Gabe Hoban Professor Reyes PHY —- November 15


Gabe Hoban

Professor Reyes

PHY —-

November 15, 2018

Knowledge is Power

Our society today is build upon the idea that “Knowledge is power”. This theme has been a major philosophical interest for hundreds of years. The phrase is often attributed to the philosopher Francis Bacon in his book Meditationes Sacrae, which was written in 1597. It became part of the foundations for many later philosophers like Foucault, Hard & Negri, and Edward Said. Foucault -> Power
In Foucault’s book, Discipline and Punishment (1975), he analyzes how modern prison systems have shifted the focus of punishment from the prisoner’s body to his soul. His book isn’t just directed at penal systems though, many of the connections he makes can be seen in the world today. One example of this is the panopticon- which is often described as a building with a tower at the center from which it is possible to see each cell that a prisoner is kept. The prisoners are seen but cannot communicate with any guards or other prisoners, they can always see the tower but never know when they are being watched. The panopticon is a portrayal of power reduced to its ideal state. It gives power over people’s minds through design. Foucault states, “He who is subjected to a field of visibility, and who knows it, assumes responsibility for the constraints of power . . . he becomes the principle of his own subjection. (###)” This idea is often seen in society today, especially when we are young. Go back to your childhood. Imagine a kid in your class getting caught for picking his nose. Think about how the event affected you. You learned not to pick your nose when people are around because you might be subject to the same humiliation. As a result, you internalize the social punishment. Even when no one is around, society is still controlling your actions because of the possibility that you are being watched. The knowledge of what you learned about the kid picking his nose resulted in a subconscious limiting of your power to pick your nose in public.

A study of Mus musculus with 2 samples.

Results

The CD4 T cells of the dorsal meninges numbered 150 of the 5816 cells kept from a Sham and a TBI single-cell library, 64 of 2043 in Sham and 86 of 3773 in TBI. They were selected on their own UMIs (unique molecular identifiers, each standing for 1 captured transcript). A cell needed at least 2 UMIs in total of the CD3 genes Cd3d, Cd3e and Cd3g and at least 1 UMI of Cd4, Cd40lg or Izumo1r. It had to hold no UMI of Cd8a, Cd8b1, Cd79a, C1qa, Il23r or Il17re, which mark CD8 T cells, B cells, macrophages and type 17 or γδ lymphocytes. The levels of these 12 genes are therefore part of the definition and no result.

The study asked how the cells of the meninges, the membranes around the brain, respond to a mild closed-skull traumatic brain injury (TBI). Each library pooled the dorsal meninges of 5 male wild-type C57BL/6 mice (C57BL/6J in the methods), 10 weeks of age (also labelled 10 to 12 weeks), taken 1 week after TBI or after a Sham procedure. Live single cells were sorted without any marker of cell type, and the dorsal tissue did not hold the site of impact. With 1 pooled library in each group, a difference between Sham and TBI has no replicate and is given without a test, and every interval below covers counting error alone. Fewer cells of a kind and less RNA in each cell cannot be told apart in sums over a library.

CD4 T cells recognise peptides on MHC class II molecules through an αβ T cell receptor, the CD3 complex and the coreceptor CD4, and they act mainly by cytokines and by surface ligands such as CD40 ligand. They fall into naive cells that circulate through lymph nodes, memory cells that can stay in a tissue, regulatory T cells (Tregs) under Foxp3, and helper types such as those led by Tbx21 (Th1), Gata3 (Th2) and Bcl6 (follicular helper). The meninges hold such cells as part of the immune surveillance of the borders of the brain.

For Foucault, power is a function of knowledge and knowledge is an exercise of power. “We should admit rather that power produces knowledge; that power and knowledge directly imply one another; that there is no power relation without the correlative constitution of a field of knowledge . . .” (Foucault 27). This dynamic between power and knowledge shows how it doesn’t only limit what we do, but it also opens up a new way of thinking about ourselves. In other words, power provides a site for the expansion of knowledge, you cannot have one without the other.